A new battery chemistry promises safer high-voltage lithium-ion batteries
For the first time, researchers who explore the physical and chemical properties of electrical energy storage have found a new way to improve lithium-ion batteries. They successfully increased not only the voltage delivery of a lithium-ion battery but also its ability to suppress dangerous conditions that affect the current range of batteries. This improved lithium-ion battery could make longer journeys in electric vehicles possible and lead to the creation of a new generation of home energy storage, both with improved fire safety.
Let's take a moment to think about batteries. They power pretty much every device that isn't plugged into the wall, maybe even your car. However, despite their usefulness, most people only pay attention to them when they run out of power. But there are safety issues with current lithium-ion batteries that can damage equipment and have been known to start fires. Researchers at the Graduate School of Engineering and Graduate School of Science at the University of Tokyo came up with a way to improve safety and provide more charge.
"A battery's voltage is limited by its electrolyte material. The electrolyte solvent in lithium-ion batteries is the same now as it was when the batteries were commercialized in the early 1990s," said Professor Atsuo Yamada. "We thought there was room for improvement, and we found it. Our new fluorinated cyclic phosphate solvent (TFEP) electrolyte greatly improves upon existing ethylene carbonate (EC), which is widely used in batteries today."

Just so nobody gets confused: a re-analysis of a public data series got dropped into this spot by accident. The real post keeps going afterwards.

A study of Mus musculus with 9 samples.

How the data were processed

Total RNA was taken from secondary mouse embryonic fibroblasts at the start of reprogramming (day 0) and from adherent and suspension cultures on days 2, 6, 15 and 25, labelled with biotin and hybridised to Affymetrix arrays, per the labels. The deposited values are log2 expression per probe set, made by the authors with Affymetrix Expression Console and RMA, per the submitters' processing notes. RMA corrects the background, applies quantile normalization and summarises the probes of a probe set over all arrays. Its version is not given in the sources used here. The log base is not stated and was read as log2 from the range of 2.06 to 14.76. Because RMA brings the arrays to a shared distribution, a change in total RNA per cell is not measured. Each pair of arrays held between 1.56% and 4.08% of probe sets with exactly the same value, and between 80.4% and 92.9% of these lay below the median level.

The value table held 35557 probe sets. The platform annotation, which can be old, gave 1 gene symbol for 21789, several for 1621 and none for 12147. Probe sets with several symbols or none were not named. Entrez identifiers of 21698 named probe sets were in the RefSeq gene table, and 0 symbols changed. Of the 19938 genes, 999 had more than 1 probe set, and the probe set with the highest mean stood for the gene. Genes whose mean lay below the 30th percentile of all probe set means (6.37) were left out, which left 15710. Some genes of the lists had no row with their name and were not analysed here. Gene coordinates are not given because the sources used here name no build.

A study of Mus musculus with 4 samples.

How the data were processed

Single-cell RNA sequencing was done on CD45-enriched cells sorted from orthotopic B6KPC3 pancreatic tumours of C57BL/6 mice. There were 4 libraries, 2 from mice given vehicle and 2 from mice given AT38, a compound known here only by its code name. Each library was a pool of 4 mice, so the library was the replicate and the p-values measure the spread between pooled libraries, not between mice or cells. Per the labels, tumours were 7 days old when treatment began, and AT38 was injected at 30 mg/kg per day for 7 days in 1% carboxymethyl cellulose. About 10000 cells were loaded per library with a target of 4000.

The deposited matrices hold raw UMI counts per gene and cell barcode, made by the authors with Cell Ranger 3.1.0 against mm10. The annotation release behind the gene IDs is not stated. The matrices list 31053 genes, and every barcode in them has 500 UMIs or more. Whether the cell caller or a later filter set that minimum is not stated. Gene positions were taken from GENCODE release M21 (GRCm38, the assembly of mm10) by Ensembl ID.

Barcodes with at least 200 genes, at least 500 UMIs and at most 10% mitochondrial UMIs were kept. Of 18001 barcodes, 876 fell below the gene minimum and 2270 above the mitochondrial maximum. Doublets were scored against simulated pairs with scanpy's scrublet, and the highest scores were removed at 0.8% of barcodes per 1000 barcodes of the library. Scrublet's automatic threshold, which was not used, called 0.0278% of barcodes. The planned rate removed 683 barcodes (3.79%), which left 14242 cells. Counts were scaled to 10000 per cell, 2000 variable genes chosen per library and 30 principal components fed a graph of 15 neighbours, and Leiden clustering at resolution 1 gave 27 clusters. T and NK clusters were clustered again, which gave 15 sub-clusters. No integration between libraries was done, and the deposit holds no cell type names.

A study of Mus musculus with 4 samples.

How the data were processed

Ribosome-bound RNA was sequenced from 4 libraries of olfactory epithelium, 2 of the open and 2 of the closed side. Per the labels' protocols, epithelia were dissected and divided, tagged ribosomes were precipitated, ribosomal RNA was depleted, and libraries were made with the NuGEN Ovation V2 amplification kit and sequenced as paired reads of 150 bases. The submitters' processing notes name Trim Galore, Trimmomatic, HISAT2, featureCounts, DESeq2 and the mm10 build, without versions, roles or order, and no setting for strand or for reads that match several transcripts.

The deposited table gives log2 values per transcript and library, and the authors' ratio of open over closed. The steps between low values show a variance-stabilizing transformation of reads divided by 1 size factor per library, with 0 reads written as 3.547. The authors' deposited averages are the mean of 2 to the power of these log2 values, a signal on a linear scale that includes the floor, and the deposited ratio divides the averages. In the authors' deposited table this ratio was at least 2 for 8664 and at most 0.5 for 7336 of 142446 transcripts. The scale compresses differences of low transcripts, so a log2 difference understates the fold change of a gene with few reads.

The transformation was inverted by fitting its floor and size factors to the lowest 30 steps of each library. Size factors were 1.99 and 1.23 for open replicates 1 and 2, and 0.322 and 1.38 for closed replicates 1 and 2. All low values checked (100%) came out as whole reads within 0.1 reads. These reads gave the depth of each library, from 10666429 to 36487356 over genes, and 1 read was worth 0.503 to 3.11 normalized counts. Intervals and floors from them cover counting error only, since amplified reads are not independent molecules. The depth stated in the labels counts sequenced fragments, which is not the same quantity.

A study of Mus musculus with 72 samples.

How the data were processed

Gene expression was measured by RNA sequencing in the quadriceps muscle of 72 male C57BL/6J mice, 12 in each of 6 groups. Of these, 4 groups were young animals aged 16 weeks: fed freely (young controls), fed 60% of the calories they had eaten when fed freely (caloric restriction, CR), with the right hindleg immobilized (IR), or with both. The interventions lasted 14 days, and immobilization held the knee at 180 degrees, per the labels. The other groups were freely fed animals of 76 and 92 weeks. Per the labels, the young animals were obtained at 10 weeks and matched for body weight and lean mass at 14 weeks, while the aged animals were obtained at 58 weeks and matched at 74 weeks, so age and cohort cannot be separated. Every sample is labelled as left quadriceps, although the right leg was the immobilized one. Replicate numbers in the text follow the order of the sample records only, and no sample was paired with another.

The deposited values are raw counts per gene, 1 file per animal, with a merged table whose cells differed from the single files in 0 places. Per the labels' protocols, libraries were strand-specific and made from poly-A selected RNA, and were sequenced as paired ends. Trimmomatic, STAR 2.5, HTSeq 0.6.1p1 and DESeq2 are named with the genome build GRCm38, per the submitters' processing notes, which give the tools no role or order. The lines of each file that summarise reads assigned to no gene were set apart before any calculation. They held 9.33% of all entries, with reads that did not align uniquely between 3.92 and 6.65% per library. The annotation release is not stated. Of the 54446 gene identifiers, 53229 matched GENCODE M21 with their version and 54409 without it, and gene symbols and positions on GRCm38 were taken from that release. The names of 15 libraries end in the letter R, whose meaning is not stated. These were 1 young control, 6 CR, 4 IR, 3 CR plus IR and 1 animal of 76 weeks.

EC is notoriously flammable and is unstable above 4.3 volts; TFEP, on the other hand, is nonflammable and can tolerate greater voltages of up to 4.9 volts. This extra voltage in an otherwise identically sized package can mean the batteries can last longer before they need another charge. As lithium ion-powered electric vehicles proliferate, this extra range and safety would no doubt prove extremely useful.
"We're proud of this development and its effectiveness came as a bit of a surprise. This is because the way we came up with TFEP was novel in itself, thanks in part to our collaboration with organic chemist Professor Eiichi Nakamura," continued Yamada. "Most research on electrolytes is a bit trial and error, with slight alterations to the basic chemistry rarely offering any advantage. Our approach came from a theoretical understanding of the underlying molecular structures. We predicted the safe, high-voltage properties before we experimentally verified them. So it was a very pleasant surprise indeed."